By GRACE BERNARD
Since 2014, the designer drug flakka has silently terrorized the streets of South Florida. With the number of users rising throughout the U.S., flakka needs national media attention now more than ever.
Flakka is a highly addictive synthetic drug. According to drugsabuse.gov, side effects include paranoia, hyperstimulation, and hallucinations that can lead to “violent aggression and self-injury. The drug has been linked to deaths by suicide and heart attack.”
Other side effects include super-human strength, a likely result of an adrenaline rush. Also users are known to strip naked due to a massive rise in body temperatures associated with the drugs consumption.
Flakka’s biggest threat is that the U.S. population is under the assumption that the drug’s usage is contained to South Florida, where it is by far the most concentrated. Because of this, news media coverage has been vastly limited to local South Florida news organizations such as The Miami Herald, The Palm Beach Post, and The Sun Sentinel.
Flakka usage is spreading quickly and the lack of media coverage leaves many people in danger, particularly young people in poor urban neighborhoods. Flakka is particularly accessible to this group because it’s so cheap. Without any education from the national press, thousands of people are in danger. According to Forbes.com, flakka usage has spread to Chicago, Texas, Kentucky and Ohio. The drug is only growing more popular, especially with the lack of education nationwide.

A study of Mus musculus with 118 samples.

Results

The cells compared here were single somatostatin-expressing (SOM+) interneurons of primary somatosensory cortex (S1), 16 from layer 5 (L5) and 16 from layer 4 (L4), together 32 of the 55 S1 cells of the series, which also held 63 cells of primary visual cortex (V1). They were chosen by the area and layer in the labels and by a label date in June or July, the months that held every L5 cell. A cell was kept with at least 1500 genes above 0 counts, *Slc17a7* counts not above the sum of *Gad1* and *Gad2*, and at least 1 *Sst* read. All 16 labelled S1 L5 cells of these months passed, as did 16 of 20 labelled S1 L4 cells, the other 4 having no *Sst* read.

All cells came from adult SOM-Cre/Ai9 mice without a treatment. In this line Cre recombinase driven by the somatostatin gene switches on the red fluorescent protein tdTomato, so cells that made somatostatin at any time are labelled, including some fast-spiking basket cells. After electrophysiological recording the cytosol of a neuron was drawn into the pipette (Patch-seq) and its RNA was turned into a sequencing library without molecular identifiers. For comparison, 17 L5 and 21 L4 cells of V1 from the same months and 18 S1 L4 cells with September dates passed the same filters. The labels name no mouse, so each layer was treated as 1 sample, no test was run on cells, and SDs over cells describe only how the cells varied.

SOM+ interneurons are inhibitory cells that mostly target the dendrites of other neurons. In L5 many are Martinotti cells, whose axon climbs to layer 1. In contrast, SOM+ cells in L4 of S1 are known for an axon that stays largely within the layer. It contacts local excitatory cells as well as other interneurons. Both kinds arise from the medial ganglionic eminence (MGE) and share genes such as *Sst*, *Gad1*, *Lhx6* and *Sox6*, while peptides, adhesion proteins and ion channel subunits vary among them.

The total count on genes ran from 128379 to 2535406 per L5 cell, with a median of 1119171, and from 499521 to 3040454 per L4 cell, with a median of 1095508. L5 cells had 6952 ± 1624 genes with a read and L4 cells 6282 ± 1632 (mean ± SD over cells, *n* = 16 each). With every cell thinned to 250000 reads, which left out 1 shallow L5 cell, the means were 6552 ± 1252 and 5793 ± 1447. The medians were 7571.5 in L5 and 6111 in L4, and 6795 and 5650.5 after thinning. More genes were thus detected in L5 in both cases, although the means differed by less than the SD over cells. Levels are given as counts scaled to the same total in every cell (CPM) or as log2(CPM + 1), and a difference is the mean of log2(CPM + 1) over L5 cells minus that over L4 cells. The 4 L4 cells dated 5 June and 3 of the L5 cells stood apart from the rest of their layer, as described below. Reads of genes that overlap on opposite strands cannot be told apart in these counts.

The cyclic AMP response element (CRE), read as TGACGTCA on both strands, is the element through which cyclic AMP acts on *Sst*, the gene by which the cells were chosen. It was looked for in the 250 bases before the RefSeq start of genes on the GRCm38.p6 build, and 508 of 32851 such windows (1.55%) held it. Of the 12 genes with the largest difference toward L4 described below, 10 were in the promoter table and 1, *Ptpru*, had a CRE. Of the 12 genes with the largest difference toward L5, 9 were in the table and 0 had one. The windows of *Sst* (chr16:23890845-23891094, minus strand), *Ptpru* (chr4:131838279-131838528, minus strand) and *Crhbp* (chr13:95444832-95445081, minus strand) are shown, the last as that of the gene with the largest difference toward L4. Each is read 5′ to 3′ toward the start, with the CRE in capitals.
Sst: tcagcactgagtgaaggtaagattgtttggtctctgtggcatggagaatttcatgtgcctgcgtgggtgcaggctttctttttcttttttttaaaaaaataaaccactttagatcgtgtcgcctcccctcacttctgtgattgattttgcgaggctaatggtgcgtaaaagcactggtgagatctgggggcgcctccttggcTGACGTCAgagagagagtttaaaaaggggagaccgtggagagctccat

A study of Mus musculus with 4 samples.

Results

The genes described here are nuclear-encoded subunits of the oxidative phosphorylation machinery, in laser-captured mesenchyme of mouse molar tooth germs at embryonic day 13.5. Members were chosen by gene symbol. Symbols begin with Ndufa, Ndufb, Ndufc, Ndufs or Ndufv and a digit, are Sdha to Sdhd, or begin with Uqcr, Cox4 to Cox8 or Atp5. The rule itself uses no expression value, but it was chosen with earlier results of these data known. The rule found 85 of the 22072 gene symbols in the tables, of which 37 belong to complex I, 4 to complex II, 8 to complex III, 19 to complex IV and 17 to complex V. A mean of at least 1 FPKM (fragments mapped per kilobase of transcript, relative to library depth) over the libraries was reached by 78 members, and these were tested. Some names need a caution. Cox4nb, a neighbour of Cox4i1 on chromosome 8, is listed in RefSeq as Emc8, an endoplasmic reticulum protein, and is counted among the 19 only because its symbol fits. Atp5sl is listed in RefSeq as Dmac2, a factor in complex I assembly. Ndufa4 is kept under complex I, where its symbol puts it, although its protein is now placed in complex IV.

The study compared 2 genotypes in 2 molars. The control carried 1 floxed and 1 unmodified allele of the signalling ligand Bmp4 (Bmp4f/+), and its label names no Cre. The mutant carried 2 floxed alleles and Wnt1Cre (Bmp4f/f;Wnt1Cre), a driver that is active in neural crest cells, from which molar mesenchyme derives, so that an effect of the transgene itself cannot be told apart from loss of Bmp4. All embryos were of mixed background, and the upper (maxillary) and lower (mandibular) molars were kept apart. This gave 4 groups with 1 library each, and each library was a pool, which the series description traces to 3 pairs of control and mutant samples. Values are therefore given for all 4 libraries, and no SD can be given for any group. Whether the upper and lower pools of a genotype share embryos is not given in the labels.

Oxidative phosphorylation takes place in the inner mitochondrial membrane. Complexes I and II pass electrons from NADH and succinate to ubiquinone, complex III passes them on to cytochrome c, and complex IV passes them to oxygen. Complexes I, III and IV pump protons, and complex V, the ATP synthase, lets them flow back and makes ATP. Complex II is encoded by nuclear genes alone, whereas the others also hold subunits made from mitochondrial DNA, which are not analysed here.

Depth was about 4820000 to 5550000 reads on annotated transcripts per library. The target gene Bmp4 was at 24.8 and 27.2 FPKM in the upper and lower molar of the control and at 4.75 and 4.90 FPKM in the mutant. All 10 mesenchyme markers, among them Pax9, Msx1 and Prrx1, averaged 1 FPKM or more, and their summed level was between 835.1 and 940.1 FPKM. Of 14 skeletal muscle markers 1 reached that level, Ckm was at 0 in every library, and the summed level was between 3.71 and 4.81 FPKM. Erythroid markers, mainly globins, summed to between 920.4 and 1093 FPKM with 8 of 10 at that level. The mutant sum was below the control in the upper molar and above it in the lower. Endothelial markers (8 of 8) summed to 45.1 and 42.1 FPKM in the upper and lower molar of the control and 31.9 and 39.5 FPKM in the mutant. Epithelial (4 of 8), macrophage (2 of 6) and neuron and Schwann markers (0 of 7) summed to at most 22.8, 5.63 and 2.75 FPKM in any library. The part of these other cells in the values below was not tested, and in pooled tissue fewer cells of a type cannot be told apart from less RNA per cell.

One example of the grave disparities in flakka’s news media coverage compared to other drugs was in early 2014 when the DEA officially categorized it as a Schedule 1 drug. Despite the importance of this, the news did not make any major national headlines.
Less traditional forms of media have been more prominent in the coverage of the drug. YouTube has a variety of videos about flakka. Some videos were educational, while the majority were recordings of people high on the drug. These videos had thousands of views, with some of them even having millions. The population clearly has an interest in flakka and is seeking out more information.
The need for public education about flakka is evident. While flakka is not a nationwide issue yet, it is already well on its way. The duty is on the news media to provide coverage about this silent killer because they’re the best equipped to handle the potential crisis.